Burndept 252 AC/DC TRF veneered wood case (original valves VP1321,SP13C,PEN36C,1D5) valves fitted EF39 ,SP13 ,CL33, 4020 Long /medium /2 short working UK 1936 (I have circuit diagram)
I have had this set since the mid 1980's and originally it was incapable of producing even the slightest hum. This is an AC/DC TRF 4 waveband (Long /medium /2 short) receiver housed in a veneered wood case (original valves VP1321,SP13C,PEN36C,1D5) The set had been modified and the VP132 had been replaced with an EF39, the PEN36 with a CL33, and the 1D5 with a 4020. The original dry electrolytic smoothing capacitors had also been replaced by a relatively modern tubular unit. The dial indicates that it was made in Austria and some of the capacitors (SARTOR) have a date code which might indicate that they were made in 1935. The service sheet which also covers the Vidor model 254 indicates that the release date for both models was 1936 and the original price was £9 9s. This is equivalent to over £300 today!
I soon discovered that the rectifier was duff and by powering the set with an external 250v DC supply found that the output stage was not working (it was glowing blue!). Though by taking the grid connection to an external amplifier and speaker it was clear that there was little wrong with the first two stages apart from noisy wave change switch and gain control.
Two new valves were needed, I decided that since the holders had been replaced for the EF39 and the CL33 and that the first two stages were working that I would purchase an 1D5 and a CL33 from firstname.lastname@example.org and in the meantime attend to the rest of the set. The electrolytic capacitors appeared to work fine after an hour or two reforming, though the mains and speaker leads and three capacitors needed replacing.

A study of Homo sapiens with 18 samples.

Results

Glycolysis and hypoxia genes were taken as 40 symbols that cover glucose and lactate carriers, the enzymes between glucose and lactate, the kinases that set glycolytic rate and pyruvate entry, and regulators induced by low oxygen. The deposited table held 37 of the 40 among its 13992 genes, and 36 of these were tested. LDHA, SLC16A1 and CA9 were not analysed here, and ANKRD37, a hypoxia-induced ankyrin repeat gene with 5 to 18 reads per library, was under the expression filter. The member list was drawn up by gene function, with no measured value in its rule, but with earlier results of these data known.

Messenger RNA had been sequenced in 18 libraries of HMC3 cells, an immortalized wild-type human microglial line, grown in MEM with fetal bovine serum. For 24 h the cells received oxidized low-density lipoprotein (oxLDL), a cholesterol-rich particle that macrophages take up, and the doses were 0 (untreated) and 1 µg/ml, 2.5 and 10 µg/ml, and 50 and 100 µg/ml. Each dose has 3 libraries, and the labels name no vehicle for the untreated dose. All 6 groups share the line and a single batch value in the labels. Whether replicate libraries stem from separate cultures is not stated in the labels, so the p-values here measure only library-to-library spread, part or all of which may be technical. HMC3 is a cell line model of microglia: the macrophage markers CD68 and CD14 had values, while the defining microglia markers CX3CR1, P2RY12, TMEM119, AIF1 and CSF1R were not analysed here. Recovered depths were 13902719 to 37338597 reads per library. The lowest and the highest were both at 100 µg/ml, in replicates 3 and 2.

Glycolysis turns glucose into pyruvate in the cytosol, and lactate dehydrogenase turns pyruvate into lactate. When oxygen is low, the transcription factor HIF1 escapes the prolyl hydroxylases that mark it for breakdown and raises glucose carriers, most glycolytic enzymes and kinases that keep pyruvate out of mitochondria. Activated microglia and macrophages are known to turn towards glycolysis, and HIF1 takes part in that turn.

The cabinet rubbed down and re polished and the speaker cloth was replaced. The celluloid dial had curved inwards over the years and was stiffened and straightened by making two thin U sections from tin plate and slipping them over the top and bottom edges of the dial. When the valves arrived the mains tapping was set to 240v (to compensate for the lower heater voltage of the EF39) and the set energised via a 100watt light bulb. It worked on all wavebands and after half an hour the set was energised directly and the voltages checked out more or less as per the service sheet. Some minor adjustment of the trimmer capacitors was necessary to obtain maximum output.